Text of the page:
The 3 V’s of MLOps


Like Data Engineering, ML Engineering/MLOps too have their own set of V’s. However, they differ since, they serve different purposes. The 3 V’s of ML Engineering are Velocity, Validation and Versioning. However, before diving into them, let’s first understand the common tasks of ML/MLOps Engineering.

Common tasks in ML Engineering/MLOps

In our introductory article on Machine Learning System Design, we elaborated on the various sub-systems of an ML Workflow. Having said that, it was strategic, applicable to architects/designers. Nonetheless, day to day tactical tasks for ML Engineers/MLOps Engineers revolve around the four aspects:

  • Data Collection : Collecting and maintaining datasets for Training/Serving. Data collection spans sourcing new data, wrangling data from sources into a centralized repository, and cleaning data.
  • Experimentation : Experimentation for continuous improvement of Models. ML engineers typically focus on improving ML performance, measured via metrics such as accuracy or mean-squared-error. Experiments can be data-driven or model-driven; for example, an engineer can create a new feature or change the model architecture from tree-based to neural network-based.
  • Evaluation and Deployment : Evaluation and Deployment of ML Models. A model is typically evaluated by computing a metric (e.g., accuracy) over a collection of labeled data points hidden at training time, or a validation dataset, to see if its performance is better than what the currently-running production model achieved during its evaluation phase. Deployment involves reviewing the proposed change, possibly staging the change to increasing percentages of the population, or A/B testing on live users, and keeping records of any change to production in case of a necessary rollback.
  • Monitoring and Response : Monitoring ML pipelines and responding to bugs involve tracking live metrics (via queries or dashboards), slicing and dicing sub-populations to investigate prediction quality, patching the model with non-ML heuristics for known failure modes, and finding in-the-wild failures and adding them to the evaluation set.

Across the above tasks, Velocity, Validation and Versioning is applicable in a variety of ways. Let’s dive slightly deeper into each of them.

Velocity

Since ML is so experimental in nature, it’s important to be able to prototype and iterate on ideas quickly (e.g. go from a
new idea to a trained model in a day). This is where easy access to quality data, efficient feature retrieval with Feature Stores and Orchestrated Experiments help.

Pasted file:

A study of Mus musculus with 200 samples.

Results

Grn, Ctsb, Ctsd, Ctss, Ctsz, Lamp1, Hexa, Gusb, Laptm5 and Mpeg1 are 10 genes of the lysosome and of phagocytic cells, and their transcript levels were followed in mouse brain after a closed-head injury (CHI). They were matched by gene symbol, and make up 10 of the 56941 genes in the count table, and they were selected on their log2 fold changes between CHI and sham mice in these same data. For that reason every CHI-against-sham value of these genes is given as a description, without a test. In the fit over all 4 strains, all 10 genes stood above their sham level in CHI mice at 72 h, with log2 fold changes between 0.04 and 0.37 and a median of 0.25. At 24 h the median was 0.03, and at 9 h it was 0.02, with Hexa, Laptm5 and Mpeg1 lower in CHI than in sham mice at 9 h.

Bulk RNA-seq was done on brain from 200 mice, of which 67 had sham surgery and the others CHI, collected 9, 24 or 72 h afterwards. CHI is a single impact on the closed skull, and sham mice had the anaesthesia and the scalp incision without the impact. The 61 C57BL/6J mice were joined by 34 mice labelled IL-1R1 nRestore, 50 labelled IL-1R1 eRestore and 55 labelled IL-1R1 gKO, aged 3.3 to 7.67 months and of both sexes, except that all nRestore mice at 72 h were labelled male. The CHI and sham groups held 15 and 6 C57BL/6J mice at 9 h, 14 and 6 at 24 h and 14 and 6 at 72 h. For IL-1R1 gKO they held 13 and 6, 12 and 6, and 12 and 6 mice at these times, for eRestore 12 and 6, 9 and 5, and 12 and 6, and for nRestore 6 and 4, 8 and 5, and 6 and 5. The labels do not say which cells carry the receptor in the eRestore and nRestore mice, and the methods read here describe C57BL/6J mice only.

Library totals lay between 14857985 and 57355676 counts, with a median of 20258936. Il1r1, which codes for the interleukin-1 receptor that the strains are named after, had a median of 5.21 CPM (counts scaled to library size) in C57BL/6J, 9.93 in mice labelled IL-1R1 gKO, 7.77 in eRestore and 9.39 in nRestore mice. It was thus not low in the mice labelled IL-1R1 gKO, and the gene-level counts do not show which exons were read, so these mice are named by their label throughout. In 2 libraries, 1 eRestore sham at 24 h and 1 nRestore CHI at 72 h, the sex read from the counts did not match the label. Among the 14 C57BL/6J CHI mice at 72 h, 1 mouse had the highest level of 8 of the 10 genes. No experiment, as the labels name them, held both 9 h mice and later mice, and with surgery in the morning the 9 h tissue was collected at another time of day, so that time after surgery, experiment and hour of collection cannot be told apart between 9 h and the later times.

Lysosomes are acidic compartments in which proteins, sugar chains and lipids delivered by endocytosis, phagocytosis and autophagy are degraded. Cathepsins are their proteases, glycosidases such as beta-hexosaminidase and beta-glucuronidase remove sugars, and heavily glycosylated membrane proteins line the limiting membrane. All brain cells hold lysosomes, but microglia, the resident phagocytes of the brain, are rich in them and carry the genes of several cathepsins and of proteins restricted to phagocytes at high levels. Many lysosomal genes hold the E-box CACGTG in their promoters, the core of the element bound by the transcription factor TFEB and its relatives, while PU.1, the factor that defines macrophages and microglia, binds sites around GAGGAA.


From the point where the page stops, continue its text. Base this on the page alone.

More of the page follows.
Validation

ML Pipelines are a piece of software. Hence, all the standards applicable to standard software engineering are also applicable to ML Engineering or MLOps; including efficient validation. Since errors become more expensive to handle when users see them, it’s good to test changes, prune bad ideas, and proactively monitor pipelines for bugs as early as possible. This is usually carried out in Evaluation and Deployment stage, right before deploying the model to the target environment. For faster esponse, it’s advisable to integrate validation steps in ML Pipelines.

To know more, read our article on Data and Model Validation in ML Training Pipelines.

Versioning

Versioning in MLOps is more complicated than traditional software engineering. Here, we not only version code and dependencies, but also data, models and experiments. Versioning helps not only in efficient processes and documentation, but also proves to be a boon when things go wrong.

Since it’s impossible to anticipate all bugs before they occur, it’s helpful to store and manage multiple versions of production models and datasets for querying, debugging, and minimizing production pipeline downtime. ML engineers responded to buggy models in production by switching the model to a simpler, historical, or retrained version. Thus, Versioning augments both Velocity and Validation.

Conclusion

The 3 V’s are interlinked and enhance each other, as seen in the article. For instance, efficient versioning of data, models and experiments come in handy, thus increasing the velocity of new releases. Better velocity and versioning helps find bugs quicker, thus enhancing validation. Lastly, better validation techniques mean faster response to incidents, in turn affecting velocity.  Hence, overall, they enhance the reliability of ML models.

We have borrowed ideas from the below Reference. However, the thoughts mentioned in the article, are author’s own. Finally, this is an article for information purposes. We do not claim any guarantees regarding its accuracy or completeness.

Reference: Ideas like Common Tasks in ML Engineering and 3V’s of MLOps have been borrowed from this paper: Operationalizing Machine Learning: An Interview Study



I am a Data Scientist with 6+ years of experience.